PHILADELPHIA, PA (BocaNewsNow.com) — DECEMBER 15, 2011 — While we try not to over-editorialize here at BocaNewsNow.com, we do have to ask this question: If the TSA (Transportation Security Administration) supposedly does such a good job screening, why do they need to double check their work by inconveniencing travelers at the gate by re-examining their bags?
Case in point: A flight last evening from Philadelphia to West Palm Beach. This is — lovingly — a flight routinely loaded with Bubbies and Babies. It’s one of those flights where there are routinely more pre-boards due to wheel chairs then there are self-propelled passengers walking down the jetway without assistance. Perhaps fearing the deadly effects of Matzo Ball Soup interacting with Baby Formula, the motley crew of agents (seen in the photo) randomly chose this flight to re-examine bags — bags that had already been scanned, x-rayed, and pilfered through at the main security checkpoint.
The TSA will tell you that the key to security is being random. Anyone who has spent any time covering the TSA in the media — or living in airports as a frequent flier — will tell you this is code for, “calling our actions ‘random’ is great cover for being inept.” And when your bag is being re-examined by a group of people who look like they just left the smoking area at middle school, the word “inept” seems to be more fitting than “random.” We suspect this flight was chosen because the group of agents you see in the photo had just double-checked a flight at the gate next door.
Why move their screening table any further than they have to?
The problem, as we see it, is that the TSA is not law enforcement. Despite the shiny badge and pretty blue uniform, that person asking you to empty your pockets, or telling you your bag needs to be re-examined, is making somewhere around $30,000 a year (apply here), and undergoes training that — as we reported on for a national media outlet shortly after 9/11 — includes identifying pictures of weapons in a flip book.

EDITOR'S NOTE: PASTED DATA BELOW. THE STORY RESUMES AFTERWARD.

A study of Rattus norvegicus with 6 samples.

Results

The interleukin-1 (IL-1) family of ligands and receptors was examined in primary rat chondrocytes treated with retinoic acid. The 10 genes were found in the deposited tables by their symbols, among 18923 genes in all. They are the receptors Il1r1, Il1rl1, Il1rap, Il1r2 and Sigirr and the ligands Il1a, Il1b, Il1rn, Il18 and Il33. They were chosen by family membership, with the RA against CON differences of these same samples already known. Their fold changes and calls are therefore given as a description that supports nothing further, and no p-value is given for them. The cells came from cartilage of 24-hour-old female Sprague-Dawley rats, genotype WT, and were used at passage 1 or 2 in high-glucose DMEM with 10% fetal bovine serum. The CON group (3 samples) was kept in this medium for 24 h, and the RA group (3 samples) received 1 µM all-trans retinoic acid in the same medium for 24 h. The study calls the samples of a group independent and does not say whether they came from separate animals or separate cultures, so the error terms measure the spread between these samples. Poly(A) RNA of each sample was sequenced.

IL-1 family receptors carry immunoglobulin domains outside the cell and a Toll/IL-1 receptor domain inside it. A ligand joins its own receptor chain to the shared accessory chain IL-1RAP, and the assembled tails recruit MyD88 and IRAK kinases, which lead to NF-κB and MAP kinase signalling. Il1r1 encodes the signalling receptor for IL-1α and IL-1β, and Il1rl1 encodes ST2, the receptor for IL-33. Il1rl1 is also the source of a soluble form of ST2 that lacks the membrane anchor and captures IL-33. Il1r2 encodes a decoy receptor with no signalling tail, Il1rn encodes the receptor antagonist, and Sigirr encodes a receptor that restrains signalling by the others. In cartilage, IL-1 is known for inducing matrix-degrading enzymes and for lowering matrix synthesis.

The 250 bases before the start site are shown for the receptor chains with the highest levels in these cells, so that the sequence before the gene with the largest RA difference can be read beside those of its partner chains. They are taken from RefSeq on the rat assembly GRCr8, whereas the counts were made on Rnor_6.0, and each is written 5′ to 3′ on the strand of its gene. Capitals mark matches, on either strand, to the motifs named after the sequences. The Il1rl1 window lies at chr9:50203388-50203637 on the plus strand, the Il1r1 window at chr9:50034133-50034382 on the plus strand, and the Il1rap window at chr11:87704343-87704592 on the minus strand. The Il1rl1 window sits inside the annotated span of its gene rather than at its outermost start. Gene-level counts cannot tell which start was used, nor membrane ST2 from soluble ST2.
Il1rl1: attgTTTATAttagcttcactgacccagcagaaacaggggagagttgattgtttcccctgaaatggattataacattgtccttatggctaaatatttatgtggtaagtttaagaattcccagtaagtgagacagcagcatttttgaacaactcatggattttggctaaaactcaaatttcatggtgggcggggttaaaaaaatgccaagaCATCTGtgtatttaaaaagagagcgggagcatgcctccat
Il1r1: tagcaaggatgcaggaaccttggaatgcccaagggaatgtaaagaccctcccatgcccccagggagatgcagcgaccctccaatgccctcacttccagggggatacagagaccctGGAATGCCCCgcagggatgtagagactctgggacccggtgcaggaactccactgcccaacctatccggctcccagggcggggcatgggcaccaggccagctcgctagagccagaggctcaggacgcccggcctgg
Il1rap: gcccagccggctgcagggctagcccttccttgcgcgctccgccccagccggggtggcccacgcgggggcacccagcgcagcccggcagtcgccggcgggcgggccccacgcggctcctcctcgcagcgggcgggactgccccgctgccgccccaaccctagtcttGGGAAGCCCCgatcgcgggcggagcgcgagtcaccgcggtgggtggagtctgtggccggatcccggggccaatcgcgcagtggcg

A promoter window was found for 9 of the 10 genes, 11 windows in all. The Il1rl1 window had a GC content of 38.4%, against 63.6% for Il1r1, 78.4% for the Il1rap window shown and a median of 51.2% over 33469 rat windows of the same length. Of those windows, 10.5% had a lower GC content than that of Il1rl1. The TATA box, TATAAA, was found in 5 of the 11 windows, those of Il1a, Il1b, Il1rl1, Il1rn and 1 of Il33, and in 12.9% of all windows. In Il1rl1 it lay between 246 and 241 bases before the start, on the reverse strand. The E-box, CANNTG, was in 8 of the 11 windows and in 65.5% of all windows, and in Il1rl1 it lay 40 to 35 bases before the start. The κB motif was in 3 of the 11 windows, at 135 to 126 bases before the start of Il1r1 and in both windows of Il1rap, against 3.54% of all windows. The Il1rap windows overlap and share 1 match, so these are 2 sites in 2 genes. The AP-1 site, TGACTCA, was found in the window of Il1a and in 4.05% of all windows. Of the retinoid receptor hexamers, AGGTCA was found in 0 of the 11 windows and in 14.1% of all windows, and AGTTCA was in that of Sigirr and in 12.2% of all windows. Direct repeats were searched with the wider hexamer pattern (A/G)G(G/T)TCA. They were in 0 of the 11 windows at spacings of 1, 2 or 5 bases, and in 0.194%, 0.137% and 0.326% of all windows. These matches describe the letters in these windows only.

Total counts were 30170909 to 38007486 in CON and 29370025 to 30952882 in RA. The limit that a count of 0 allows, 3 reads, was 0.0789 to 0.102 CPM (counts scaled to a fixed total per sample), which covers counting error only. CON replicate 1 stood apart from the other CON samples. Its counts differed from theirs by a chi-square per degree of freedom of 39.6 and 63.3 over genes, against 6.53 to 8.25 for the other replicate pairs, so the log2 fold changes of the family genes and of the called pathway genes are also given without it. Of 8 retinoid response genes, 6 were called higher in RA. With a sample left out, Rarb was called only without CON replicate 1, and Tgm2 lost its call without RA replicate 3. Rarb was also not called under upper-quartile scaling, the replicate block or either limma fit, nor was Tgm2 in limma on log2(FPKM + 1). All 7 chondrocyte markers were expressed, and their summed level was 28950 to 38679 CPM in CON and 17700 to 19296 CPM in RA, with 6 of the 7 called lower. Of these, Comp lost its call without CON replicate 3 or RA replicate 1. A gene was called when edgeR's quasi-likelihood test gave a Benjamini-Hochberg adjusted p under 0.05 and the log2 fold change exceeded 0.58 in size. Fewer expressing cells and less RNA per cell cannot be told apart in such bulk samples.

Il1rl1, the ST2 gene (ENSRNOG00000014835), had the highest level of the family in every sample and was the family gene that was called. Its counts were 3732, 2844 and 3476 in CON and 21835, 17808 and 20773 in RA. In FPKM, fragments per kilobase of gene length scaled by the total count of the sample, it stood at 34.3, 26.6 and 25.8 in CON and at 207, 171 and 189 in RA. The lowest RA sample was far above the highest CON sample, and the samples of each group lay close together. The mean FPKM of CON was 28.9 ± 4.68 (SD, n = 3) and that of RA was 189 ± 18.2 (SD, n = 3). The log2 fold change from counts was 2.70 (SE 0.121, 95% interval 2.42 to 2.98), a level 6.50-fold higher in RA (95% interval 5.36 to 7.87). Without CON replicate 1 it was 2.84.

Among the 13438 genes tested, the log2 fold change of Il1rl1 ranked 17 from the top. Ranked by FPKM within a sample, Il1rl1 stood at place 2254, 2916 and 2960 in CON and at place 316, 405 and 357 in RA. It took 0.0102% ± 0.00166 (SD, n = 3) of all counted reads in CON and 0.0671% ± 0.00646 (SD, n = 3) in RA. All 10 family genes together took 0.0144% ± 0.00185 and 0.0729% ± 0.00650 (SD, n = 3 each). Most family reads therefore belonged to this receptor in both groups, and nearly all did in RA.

Real law enforcement officers are professionals who undergo constant training and — in most cases — bring pride and expertise to the badge. The TSA requires that you:
“Have a high school diploma or General Educational Development (GED) credential OR at least one year of full-time work experience in the security industry, aviation screening, or as an X-ray technician.”
For that you get government benefits.
TSA supporters will say that there have been no attacks since 9/11. We say sometimes being lucky is more important than being good. And while there are absolutely good and professional TSA workers, and we want to believe professional investigative work going on behind the scenes, we wonder if the TSA may actually help its own image by being a little more sensible.
Targeting an oversold flight with Bubbies and Babies heading to West Palm Beach doesn’t create an image of safety. It creates an image of an out-of-touch agency with out-of-touch workers.
But the TSA will undoubtedly call such secondary screening of a flight like this the art of being “random.”